Fire managers expect season change to keep Swan Lake Fire down

Sep 17, 2019

The change of seasons and what might be the first big storm of the fall has incident commanders working the Swan Lake Fire optimistic that it will not flare up again as it did once before.
    As a result, all evacuation alerts around Cooper Landing were removed this (Tuesday) morning, and all but one channel of the Upper Kenai River has been reopened to public use.
    Emergency planners do caution Cooper Landing residents to remain aware and prepared however, until a season-ending rain storm comes.
    Fortunately, a front associated with a typhoon remnant is expected to sweep across the Gulf of Alaska tonight and tomorrow, bringing with it up to an inch of rain.
    Bruce Gearsdorf is the fire behavior analyst with the Northern Rockies Team 4 managing the Swan Lake Fire. At Monday night’s community meeting in Cooper Landing, he showed an animation of the coming weather.
  “Those are the little pulses of moisture that we've been seeing about every three days or so have been coming through. That's those little pulses are coming through there again, and we can expect to see that pattern continued. It's kind of a normal fall pattern. We've moved into that here now.”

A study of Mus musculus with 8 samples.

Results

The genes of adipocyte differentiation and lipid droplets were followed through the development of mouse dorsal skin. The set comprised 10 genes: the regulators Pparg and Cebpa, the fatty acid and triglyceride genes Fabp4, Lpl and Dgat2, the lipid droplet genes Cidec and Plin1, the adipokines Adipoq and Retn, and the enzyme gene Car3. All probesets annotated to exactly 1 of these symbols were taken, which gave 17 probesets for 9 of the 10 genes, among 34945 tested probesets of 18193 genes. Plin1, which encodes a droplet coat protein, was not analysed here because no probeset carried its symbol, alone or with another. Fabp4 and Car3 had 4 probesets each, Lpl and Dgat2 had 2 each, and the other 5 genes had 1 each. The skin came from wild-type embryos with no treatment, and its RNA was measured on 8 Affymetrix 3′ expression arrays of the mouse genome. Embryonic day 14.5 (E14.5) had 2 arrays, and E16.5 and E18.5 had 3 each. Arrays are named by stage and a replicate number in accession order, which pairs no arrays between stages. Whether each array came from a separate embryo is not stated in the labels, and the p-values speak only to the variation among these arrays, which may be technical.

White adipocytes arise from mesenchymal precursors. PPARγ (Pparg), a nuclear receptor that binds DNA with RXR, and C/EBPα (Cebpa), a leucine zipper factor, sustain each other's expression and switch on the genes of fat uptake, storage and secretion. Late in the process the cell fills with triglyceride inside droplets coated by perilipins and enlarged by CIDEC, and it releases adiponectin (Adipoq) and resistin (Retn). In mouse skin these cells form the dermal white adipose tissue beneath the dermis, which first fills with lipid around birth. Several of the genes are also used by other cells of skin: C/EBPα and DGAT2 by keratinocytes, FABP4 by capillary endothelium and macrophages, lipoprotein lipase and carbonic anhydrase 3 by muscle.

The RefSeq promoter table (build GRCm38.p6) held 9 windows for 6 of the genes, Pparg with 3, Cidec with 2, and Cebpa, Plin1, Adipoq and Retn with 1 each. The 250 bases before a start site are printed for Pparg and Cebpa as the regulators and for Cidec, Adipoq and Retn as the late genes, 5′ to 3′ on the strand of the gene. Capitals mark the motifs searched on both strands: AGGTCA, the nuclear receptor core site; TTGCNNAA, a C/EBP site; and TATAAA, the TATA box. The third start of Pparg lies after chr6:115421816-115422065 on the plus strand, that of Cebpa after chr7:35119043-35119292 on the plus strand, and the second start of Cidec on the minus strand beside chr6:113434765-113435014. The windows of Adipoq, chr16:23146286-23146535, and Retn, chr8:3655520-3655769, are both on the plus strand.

As a result, Gearsdorf says the 15-week-old fire will not return to active life, because conditions now are different than when it flared up in August.
“Guess I'm here to tell you that I think that the chances for it to come all the way back to having large fire growth here on this fire is pretty slim,” he said. “And the reason I say that is because we're just getting later in the year and things just keep falling off right now.”
    He said residents and travelers through the fire area will likely still see wisps of smoke and other signs of the fire.
“So even though those deep dark pockets are still holding fire, and they're still burning, they can't dry out that top layer enough to get it to move. Will it put up smoke? Yes. You will see little tendrils of smoke. You'll see puffs of smoke on the side of the mountain. They're all over up there. And if you drive through that, through the roads up in there, you'll see them as well. But will they actually get up and move? No, no, they won't do that,” Gearsdorf said. “They won't do that unless we go all the way back to that hot dry weather. Now what's the chances of getting 80 degrees and 25 percent humidity this time of the year? Not very likely.”
    Fire managers suggest several inches of rain across all areas of the Swan Lake Fire are needed before the fire will be identified as “controlled”. And while it won’t bring a season-ending deluge, the front expected tonight might bring up to an inch of rain.